The student news site of Guilford College

The Guilfordian

The student news site of Guilford College

The Guilfordian

Turkey faces major difficulties after coup attempt

Recep Tayyip Erdoğan,12th president of Turkey since 2014, convicts a man insulting him through a Facebook photo this past June.

Turkey made headlines this summer when a failed coup attempt was quickly put down. The coup has proved just one of many issues facing an increasingly polarized government this year.

Much of the controversy in Turkey today revolves around President Recep Tayyip Erdoğan, who, well before the coup, proved willing to curb free expression.

In March, a newspaper that criticized the government, Zaman, was turned over to government trustees. In June, a man who posted a photo on Facebook juxtaposing images of the fictional character Gollum with Erdogan’s face was convicted of insulting the president and received a one-year suspended sentence.

Then, on July 15, a group of military officers tried to seize control of the government in a coup attempt. Erdogan narrowly escaped, and members of opposition parties rallied to him, protesting the military take over.

“This 15 of July events to overthrow the government showed that the people of Turkey, no matter if they support Erdogan or not, supported democracy,” said Ali Askerov, an assistant professor of Peace and Conflict studies at University of North Carolina at Greensboro. “I think Erdogan has strong support, popular support, even stronger probably than he had before 15 July of this year.”

Erdogan blamed the coup on a former political ally, Fethullah Gülen, a cleric now living in Pennsylvania, and began a search for suspected Gülenists in Turkey.

According to The Economist, 60,000 people were purged following the coup. This extended well beyond the military to include judges, academics, football referees and doctors, according to Time magazine.

These crackdowns before and after the coup have brought criticism both from outside and inside the country.

“People are really, really frustrated,” said Kristian Laureiro ‘16, who studied in Istanbul in 2014. “People are upset. It’s going to cause more instability.”

The coup risked Turkey’s role as a key ally in the North Atlantic Treaty Organization, too. Among other issues, Turkey houses weapons for the U.S., an arrangement that was called into question by the Stimson Center, a non-partisan think tank, after the coup.

Turkey has also been in conversations with the European Union about potentially joining, but many countries in the EU are reluctant to go forward with negotiations, citing concerns about human rights.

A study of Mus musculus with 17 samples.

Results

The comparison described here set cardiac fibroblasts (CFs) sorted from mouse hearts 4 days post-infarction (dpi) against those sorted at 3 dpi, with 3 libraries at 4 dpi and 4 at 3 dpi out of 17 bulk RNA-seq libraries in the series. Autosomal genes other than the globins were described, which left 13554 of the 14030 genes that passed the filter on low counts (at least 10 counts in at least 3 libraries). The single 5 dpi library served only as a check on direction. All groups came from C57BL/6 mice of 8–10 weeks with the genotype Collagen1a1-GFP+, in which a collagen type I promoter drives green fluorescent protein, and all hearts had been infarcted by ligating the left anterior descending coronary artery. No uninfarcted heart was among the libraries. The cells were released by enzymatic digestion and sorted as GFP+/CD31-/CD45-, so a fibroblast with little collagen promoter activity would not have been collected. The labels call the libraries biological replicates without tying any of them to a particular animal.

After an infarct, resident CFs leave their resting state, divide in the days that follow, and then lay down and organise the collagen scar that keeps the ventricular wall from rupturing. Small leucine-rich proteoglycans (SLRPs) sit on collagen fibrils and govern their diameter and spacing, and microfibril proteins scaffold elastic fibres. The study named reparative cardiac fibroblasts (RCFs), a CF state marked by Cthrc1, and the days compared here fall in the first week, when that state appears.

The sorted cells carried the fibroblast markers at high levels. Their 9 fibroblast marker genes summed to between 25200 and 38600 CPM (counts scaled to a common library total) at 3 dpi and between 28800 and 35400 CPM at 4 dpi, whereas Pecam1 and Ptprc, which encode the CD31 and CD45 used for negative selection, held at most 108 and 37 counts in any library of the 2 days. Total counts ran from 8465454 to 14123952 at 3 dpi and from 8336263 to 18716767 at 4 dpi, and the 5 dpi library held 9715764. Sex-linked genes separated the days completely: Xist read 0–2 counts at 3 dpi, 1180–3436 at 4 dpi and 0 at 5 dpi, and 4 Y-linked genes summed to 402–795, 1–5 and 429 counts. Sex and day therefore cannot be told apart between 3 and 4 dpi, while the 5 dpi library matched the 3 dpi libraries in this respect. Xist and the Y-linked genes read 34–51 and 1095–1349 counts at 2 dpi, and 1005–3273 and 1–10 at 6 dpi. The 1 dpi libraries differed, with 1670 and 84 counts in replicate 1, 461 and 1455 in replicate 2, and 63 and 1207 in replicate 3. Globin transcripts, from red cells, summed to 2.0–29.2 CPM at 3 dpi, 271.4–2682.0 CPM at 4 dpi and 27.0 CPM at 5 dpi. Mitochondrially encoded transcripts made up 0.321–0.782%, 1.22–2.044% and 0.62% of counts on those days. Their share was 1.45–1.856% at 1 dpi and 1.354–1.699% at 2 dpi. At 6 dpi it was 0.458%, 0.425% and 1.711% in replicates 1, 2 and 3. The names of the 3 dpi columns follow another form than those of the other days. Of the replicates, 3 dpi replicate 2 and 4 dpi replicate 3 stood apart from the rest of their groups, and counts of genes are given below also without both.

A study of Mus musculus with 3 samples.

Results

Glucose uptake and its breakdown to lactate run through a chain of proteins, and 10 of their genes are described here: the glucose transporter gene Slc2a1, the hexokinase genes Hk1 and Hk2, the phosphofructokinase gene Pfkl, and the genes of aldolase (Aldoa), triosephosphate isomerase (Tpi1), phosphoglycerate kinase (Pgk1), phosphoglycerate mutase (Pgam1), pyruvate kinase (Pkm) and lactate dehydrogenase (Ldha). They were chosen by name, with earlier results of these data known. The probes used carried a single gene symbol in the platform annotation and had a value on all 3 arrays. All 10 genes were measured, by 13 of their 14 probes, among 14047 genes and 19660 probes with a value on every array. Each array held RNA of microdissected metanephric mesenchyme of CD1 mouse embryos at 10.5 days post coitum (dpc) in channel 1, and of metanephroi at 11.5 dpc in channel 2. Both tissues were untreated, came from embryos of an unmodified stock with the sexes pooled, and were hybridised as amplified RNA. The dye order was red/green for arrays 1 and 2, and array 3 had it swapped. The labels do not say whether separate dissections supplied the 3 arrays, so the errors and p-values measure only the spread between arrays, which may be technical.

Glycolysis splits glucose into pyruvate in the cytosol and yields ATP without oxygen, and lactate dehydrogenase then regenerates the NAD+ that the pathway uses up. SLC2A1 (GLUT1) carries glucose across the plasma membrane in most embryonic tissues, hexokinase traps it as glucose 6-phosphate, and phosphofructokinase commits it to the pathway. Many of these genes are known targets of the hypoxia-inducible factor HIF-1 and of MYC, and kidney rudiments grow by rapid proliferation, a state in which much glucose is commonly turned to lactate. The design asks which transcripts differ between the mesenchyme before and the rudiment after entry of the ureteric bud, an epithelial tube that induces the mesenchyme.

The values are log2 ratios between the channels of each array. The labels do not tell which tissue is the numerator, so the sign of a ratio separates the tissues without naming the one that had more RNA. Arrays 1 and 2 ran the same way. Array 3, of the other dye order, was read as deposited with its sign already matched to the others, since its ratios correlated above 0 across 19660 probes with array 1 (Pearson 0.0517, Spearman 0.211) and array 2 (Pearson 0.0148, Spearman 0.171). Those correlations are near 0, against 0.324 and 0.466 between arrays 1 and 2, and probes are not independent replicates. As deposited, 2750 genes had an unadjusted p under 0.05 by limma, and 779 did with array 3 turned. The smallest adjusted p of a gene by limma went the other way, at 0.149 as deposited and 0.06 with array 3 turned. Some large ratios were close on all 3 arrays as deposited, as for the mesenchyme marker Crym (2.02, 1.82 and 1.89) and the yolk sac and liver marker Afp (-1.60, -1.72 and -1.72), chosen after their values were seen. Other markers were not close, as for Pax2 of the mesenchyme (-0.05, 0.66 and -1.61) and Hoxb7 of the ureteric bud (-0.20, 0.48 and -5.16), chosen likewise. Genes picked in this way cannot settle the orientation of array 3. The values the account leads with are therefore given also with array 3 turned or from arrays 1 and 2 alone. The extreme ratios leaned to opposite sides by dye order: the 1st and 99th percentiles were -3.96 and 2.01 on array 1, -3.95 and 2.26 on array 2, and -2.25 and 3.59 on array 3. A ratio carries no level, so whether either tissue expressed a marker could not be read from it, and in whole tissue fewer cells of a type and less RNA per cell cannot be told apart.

Askerov, however, thinks that recent events are just a convenient excuse for Europe.

“To be honest with you, no matter (if the coup) happened in Turkey or did not happen in Turkey, European countries, most members of the EU are against Turkish membership,” said Askerov.

One of the major issues affecting negotiations with Europe is Turkey’s population of Syrian refugees, which is about 2.7 million now, according to Askerov. The EU has tried negotiating economic support in exchange for returning some of their refugees to Turkey, even as negotiations for membership have stalled.

The refugees are just a symptom, however, of broader regional issues that are affecting Turkey.

Turkish troops are currently fighting the Islamic State group, while also facing a renewal of its own internal war against the Kurdistan Worker’s Party, or PKK.

“There is a new wave of war in the Turkish army and the PKK, as well as the Turkish army and those in Northern Syria,” said Askerov. “No matter how strong the Turkish army is, how strong the Turkish security forces are, Turkey is very vulnerable to terror instability because of Syria …  But the major problem still for Turkey is PKK.”

The Kurdish separatists hope for a separate state of Kurdistan, carved out of Turkish territory and have been waging an armed struggle against the Turkish government since 1984. They negotiated a cease-fire in 2015 but resumed the conflict in July of this year.

With a war being fought against Islamic extremists in Syria, Kurdish separatists in Turkey, and during the coup, their own military, Turkey has found itself embattled on a number of fronts this year.

“Now the Turkish army is in Iraq and in Syria as well, fighting against ISIS,” said Askerov. “So I think Turkey should be understood well and given support at this point.”

In the midst of all of this, Erdogan has proved a popular but highly polarizing leader, who has been willing to detain anyone suspected of disagreeing with him. While Turkey may have weathered the coup this summer, its future — and its relationships with its allies — remains uncertain.

Abe Kenmore
Abe Kenmore, Opinion Editor
Abe Kenmore is a senior majoring in English and Political Science with a minor in Peace and Conflict Studies. He has worked with the paper for 2 years now, as a writer, world and nation editor, and managing editor. In his spare time, he reads political journalism and drinks too much tea.